Should You Practice Contrary Motion Scales?

Lisa Witt  /  Hand Independence  /  UPDATED Jan 13, 2023


I grew up practicing and playing classical pieces for years, and part of that practice was contrary motion scales.

What are contrary motion scales?

The concept of contrary motion scales is very simple. Instead of playing a scale with both hands going up or down, you play the scale with both hands going up AND down.

Let me explain. We’ll use C major because it’s easy.

With contrary motion scales, you start on the SAME note. Both thumbs begin on middle C.

Now you play the C major scale going UP with your right hand while playing it going DOWN with your left.

It will feel weird at first — but it’s actually pretty easy to play it in C because the fingering is identical for both hands. You’ll be doing the thumb tuck and crossover at the same time.

But of course, once you move out of C major, things get a little more complicated.

Contrary Motion Scales With Sharps and Flats

This is where it can get difficult and you really have to concentrate. When you play a scale with sharps or flats in the normal way (up or down hands together) the black keys come at the same time.

But in contrary motion scales, they come at different times. Let’s look at G major as an example.

Your thumbs will both start on G. Then your right hand will play UP and your left hand will play DOWN.

Well, the first note below G is an F#. So you need to remember to play that with your left hand while playing an A with your right. So it will look like this:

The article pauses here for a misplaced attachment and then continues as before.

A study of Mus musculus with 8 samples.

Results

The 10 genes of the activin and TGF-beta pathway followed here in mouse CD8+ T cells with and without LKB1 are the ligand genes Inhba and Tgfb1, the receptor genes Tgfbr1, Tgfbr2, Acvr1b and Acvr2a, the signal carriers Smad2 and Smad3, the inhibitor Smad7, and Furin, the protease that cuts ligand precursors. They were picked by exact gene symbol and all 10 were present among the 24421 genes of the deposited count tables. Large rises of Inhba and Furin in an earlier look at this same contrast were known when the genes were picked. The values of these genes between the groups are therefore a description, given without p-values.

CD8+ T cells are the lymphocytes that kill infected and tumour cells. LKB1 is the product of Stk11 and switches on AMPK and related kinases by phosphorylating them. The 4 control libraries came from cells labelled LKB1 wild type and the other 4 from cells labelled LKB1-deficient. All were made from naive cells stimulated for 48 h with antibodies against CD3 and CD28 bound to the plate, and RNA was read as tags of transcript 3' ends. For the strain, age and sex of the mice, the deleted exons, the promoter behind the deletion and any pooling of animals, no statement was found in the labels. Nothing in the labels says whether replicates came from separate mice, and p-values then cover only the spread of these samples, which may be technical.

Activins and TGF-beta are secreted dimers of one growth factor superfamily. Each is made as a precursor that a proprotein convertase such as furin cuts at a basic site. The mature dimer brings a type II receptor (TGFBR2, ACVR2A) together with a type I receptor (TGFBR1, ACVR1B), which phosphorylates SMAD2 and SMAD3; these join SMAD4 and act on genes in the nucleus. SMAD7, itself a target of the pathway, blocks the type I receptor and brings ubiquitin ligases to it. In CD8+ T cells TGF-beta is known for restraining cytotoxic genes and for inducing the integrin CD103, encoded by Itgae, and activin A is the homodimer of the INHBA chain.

A bit more difficult, right?

And as you continue playing the scale you’ll need to remember to play F# in your right hand while playing A in your left.

So that will look like this:

And then it’s the same thing going down. The whole time your hands are moving in different directions.

That’s why it’s called “contrary motion”.

So why bother?

I did NOT like practicing contrary motion scales when I was growing up. I didn’t like the technique and I didn’t understand why I was having to play them.

But like most things, I didn’t realize their value until much later.

Contrary motion scales are fantastic to help you build hand independence. So many songs have sections where your hands will move in opposite directions, and if you practice these scales that won’t be a problem for you.

You’ll also develop a deeper understanding of the scales that you’re playing. You have to think about them a lot more and look at them in a different way.

And it will help you get comfortable playing the piano with your hands far apart on the keyboard.

Learning and practicing contrary motion scales definitely helped me to become a better and more complete piano player, which is why I think they’re a fantastic exercise to include in your regular practice.

Just remember to start slow!

Lisa Witt has been teaching piano for more than 20 years and in that time has helped hundreds of students learn to play the songs they love. Lisa received classical piano training through the Royal Conservatory of Music, but she has since embraced popular music and playing by ear in order to accompany herself and others. Learn more about Lisa.